In one of the more random events that suggests I still haven’t ‘got’ the internet, yesterday a thread I wrote went big:
Rather than rehash the points made there, I want to discuss two related aspects, one substantive and one more media-y.
The EU as a vector of international commitments
The substantive aspect is that the Dublin Regulation isn’t that unusual, in the sense that it’s about the EU-level management of international rules.
Asylum and refugee commitments date back to the immediate post-war period, when such things had considerably more urgency and moral weight. The 1951 UN Refugee Convention (and protocol) sets out the basic framework that exists to this day, but it’s just that – basic.
However, you’ll note that the first Dublin Regulation only pops up in 1990, so it wasn’t automatically an EEC/EC/EU thing. Instead the end of the Cold War, very large population movements across and the German need to recast its asylum provision without the obvious moral blockages involved meant that the europeanisation of policy was a logical way to go.
And Dublin at least gave a fig-leaf to those who decried the poor management of asylum across the member states, by setting out more detailed rules on who did what.
(I write ‘fig-leaf’ because there remain many issues with the whole policy area, even after repeated reforms: try this for a discussion.)
But the general point still applies: Dublin is a local elaboration of international commitments. The end of the transition period will bring Dublin to an end in the UK, but it won’t change those commitments.
In a way, this simple point highlights one reason why the EU gets it in the neck from critics. By doing things for member states that they’d be doing anyway – hopefully, but not always, more efficiently and effectively – it makes it easier to rail against the obligations that ensue.
‘Brussels made us do it’ was always a disingenuous argument, given that we typically made Brussels do it to us, and that ‘Brussels’ also included our representatives in the decisions. But if politics were fair, then lots of things would be different and I’d probably have stuck with my plan to study fluvial morphology (because stream tables kick serious arse).
The takeaway from this is that Brexit might liberate the UK from EU management of issues, but not from the wider international environment of treaties, conventions and the rest. Sure, those come with much milder enforcement mechanisms, but also with much less scope for British influencing of change and implementation.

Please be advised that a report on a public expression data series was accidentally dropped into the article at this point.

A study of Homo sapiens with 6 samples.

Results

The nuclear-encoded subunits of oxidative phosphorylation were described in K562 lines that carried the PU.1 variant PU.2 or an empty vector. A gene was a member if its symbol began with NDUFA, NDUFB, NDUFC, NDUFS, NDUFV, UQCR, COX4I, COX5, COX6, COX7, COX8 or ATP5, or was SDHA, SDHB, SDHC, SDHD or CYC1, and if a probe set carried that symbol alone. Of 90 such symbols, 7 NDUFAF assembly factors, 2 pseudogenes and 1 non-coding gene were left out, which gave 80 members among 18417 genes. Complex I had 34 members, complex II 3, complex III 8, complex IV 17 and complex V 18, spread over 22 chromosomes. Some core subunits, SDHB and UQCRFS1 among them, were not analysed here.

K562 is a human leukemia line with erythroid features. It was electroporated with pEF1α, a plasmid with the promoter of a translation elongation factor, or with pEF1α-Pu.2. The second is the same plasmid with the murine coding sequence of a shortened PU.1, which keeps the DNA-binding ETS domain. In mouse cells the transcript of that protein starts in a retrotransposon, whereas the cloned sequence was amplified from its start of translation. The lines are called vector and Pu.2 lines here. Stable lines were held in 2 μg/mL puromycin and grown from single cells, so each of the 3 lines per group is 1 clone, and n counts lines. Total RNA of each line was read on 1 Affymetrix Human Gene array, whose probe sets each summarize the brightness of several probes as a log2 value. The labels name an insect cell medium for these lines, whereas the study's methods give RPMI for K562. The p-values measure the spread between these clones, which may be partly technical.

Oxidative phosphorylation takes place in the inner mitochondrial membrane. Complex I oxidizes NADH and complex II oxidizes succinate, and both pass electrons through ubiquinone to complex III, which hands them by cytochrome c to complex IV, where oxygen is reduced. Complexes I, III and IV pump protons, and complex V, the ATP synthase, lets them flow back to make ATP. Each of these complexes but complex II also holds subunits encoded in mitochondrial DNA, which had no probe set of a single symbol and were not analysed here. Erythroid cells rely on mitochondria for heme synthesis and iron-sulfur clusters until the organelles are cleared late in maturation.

Helping the media make sense of it
The circumstances of the thread, alluded to in the first tweet, deserve some unpacking.
I was contacted about 30 minutes before the slot, to see if I could talk through Dublin. I agreed and waited for the call-back. This came on time, but with an apology from the production team that they were pulling it, as the presenter felt unsure about working through the details during the slot.
This is unusual, in my experience, but I also recognise this is part of the presenter’s prerogative: if they’re not confident they can ask the right kind of questions in a way that works for them and their audience, then that’s their call. Hence why I’m not calling them out or naming them, even though I’m pretty sure we’d have made it work.
But it raises a question about whether complexity should be a barrier to discussion, in the sense that if the media think something is too complicated then should that stop them trying to discuss it.
The answer to that is obviously “no”, otherwise we’d never discuss anything. Because everything is complicated, at some level.
In this particular case, I feel I could have given simple answers to the questions I might have been asked, but if we’d not been on such a short timescale, then I’d have walked the production person through it first, so they could see a way to do it (that happens a lot for such subjects, especially with the bigger media outlets who have more people to hand in production).
And that’s why I wrote the thread: to show that it can be explained in easy-to-understand terms.
A lot of the media and engagement work I (and others) do is like this – demystifying topics and giving people a helping hand to get into the detail. I’d argue it’s a central of any academic’s work to do this; letting others see patterns and processes that might otherwise pass them by, so we can all benefit from a more informed position.
It would be easy to grumble about ‘the media’ with a case like this, but my experience to date has been that the vast majority of journalists and broadcasters are trying to do a good job. Maybe by trying to make our work more accessible, we can help them do a better job yet.